Former Pakistan Prime Minister Benazir Bhutto ended eight years of self-exile on Thursday, making a comeback that could eventually lead to power sharing with President Pervez Musharraf.
Coming home to Karachi to lead her Pakistan People's Party into national elections meant to return her country to civilian rule, a joyful Bhutto set aside fears of assassination by al Qaeda-linked militants who have threatened her return.
"I am thankful to God, I am very happy that I'm back in my country and I was dreaming of this day," a sobbing Bhutto told Reuters as she disembarked an Emirates flight from Dubai.
Dressed in a green shalwar kameez (loose tunic and trousers), her head covered by a white scarf, she passed under the Koran, and kissed the Muslim holy book.
For years Bhutto vowed to return to Pakistan to end military dictatorship, yet she is coming back as a potential ally for General Musharraf, the army chief who took power in a 1999 coup.
Before saying goodbye to her two daughters and husband, Asif Ali Zardari in Dubai, Bhutto described Pakistan as being at a crossroads between democracy and dictatorship.
Musharraf is going through his weakest period, and there is strong speculation he will end up sharing power with Bhutto after national elections due in early January.
The United States is believed to have quietly encouraged their alliance in order to keep nuclear-armed Pakistan pro-Western and committed to fighting al Qaeda and supporting NATO's efforts to stabilize Afghanistan.
While the rest of Pakistan was transfixed by Bhutto's homecoming, Musharraf spent the morning at his army offices in Rawalpindi, with no official engagements scheduled, an aide said.
Bhutto's imminent return has pleased investors. The Karachi Stock Exchange (KSE) benchmark 100-share index struck a life high of 14,802.61 points, up over 1 percent on hopes that her return bodes well for stability and democracy.
More than 100,000 supporters lined the road to the airport and jammed the highway into the city. The crowd was expected to swell once Bhutto left the airport to address a rally.
Some 20,000 security personnel have been deployed to provide protection against threatened suicide bomb attacks by militants.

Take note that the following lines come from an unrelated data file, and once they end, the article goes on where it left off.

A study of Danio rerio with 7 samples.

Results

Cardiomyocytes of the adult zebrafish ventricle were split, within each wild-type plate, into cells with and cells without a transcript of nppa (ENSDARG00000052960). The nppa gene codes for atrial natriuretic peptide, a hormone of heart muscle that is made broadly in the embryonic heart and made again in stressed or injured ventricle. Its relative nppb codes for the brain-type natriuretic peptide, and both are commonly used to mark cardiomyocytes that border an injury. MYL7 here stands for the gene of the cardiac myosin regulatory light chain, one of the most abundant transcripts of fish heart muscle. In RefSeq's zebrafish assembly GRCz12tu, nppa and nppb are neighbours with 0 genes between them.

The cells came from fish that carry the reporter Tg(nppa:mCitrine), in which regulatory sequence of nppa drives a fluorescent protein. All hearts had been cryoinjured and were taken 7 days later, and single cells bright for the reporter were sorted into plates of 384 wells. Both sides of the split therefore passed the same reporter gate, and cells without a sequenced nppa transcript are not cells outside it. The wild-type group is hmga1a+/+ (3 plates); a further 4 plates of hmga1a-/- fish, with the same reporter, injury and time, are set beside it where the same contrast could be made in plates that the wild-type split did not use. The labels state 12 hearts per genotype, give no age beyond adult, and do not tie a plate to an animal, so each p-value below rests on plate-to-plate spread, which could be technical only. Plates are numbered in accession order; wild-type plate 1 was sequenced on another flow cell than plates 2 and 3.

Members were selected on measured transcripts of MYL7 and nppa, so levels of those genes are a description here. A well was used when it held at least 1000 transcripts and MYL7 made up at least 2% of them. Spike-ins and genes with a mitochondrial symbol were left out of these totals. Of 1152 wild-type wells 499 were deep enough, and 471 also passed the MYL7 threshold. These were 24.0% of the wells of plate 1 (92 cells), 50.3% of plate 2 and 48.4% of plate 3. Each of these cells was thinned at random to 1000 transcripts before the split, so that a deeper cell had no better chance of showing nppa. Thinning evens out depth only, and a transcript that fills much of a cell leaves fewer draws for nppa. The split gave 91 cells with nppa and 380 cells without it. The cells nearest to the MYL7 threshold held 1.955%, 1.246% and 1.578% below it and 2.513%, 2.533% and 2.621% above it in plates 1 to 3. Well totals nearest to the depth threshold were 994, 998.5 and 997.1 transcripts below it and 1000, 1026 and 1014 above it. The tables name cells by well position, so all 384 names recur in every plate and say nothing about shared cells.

Intelligence reports suggested at least three jihadi groups linked to al Qaeda and the Taliban were plotting suicide attacks, according to a provincial official.
"She has an agreement with America. We will carry out attacks on Benazir Bhutto as we did on General Pervez Musharraf," Haji Omar, a Taliban commander in the Waziristan tribal region on the Afghan border, told Reuters by satellite telephone.
Bhutto's procession was expected to take several hours edging through crammed roads to a venue close to the tomb of Pakistan's founder, Mohammad Ali Jinnah, for a homecoming rally.
The site for her homecoming address befits a woman whose family history is steeped in Pakistan's torrid past.
Her father, Zulfikar Ali Bhutto, Pakistan's first popularly elected prime minister, was overthrown and hanged, while her two brothers were killed in mysterious circumstances, one gunned down in Karachi, the other found dead in a French Riviera hotel.
She first came to power after military dictator Mohammad Zia-ul-Haq, the general who ousted her father, was killed in a plane crash in 1988. Both her governments were brought down amid allegations of corruption and ineptitude.
Yet no other leader has Bhutto's mass appeal, because of the respect many Pakistanis retain for her father.
Muhammad Ali, a 25-year-old office worker from Larkana, a town in Sindh province where the Bhutto feudal home is located, hitched a lift to Karachi to see a leader idolized by his family.
"I have never seen her in real life before. I love Bhutto and her family, and so do all my relatives," Ali said.
Red, black and green flags of Bhutto's Pakistan People's Party festooned streets and billboards displayed giant images of Bhutto's face.
Musharraf has already granted an amnesty to protect Bhutto from corruption charges brought by the government of Nawaz Sharif, the prime minister he overthrew and later exiled.
But the Supreme Court could still disrupt a rapprochement between Bhutto and Musharraf.
Not only is it challenging Musharraf's right to bestow an amnesty, it is also hearing challenges to the president's right to have stood for re-election while still army chief in a ballot he won easily on October 6.
Musharraf had promised to quit the army and become a civilian leader, meeting another of Bhutto's conditions, if he was given five more years as president. There is speculation that he could invoke emergency powers or martial law if the court blocks him.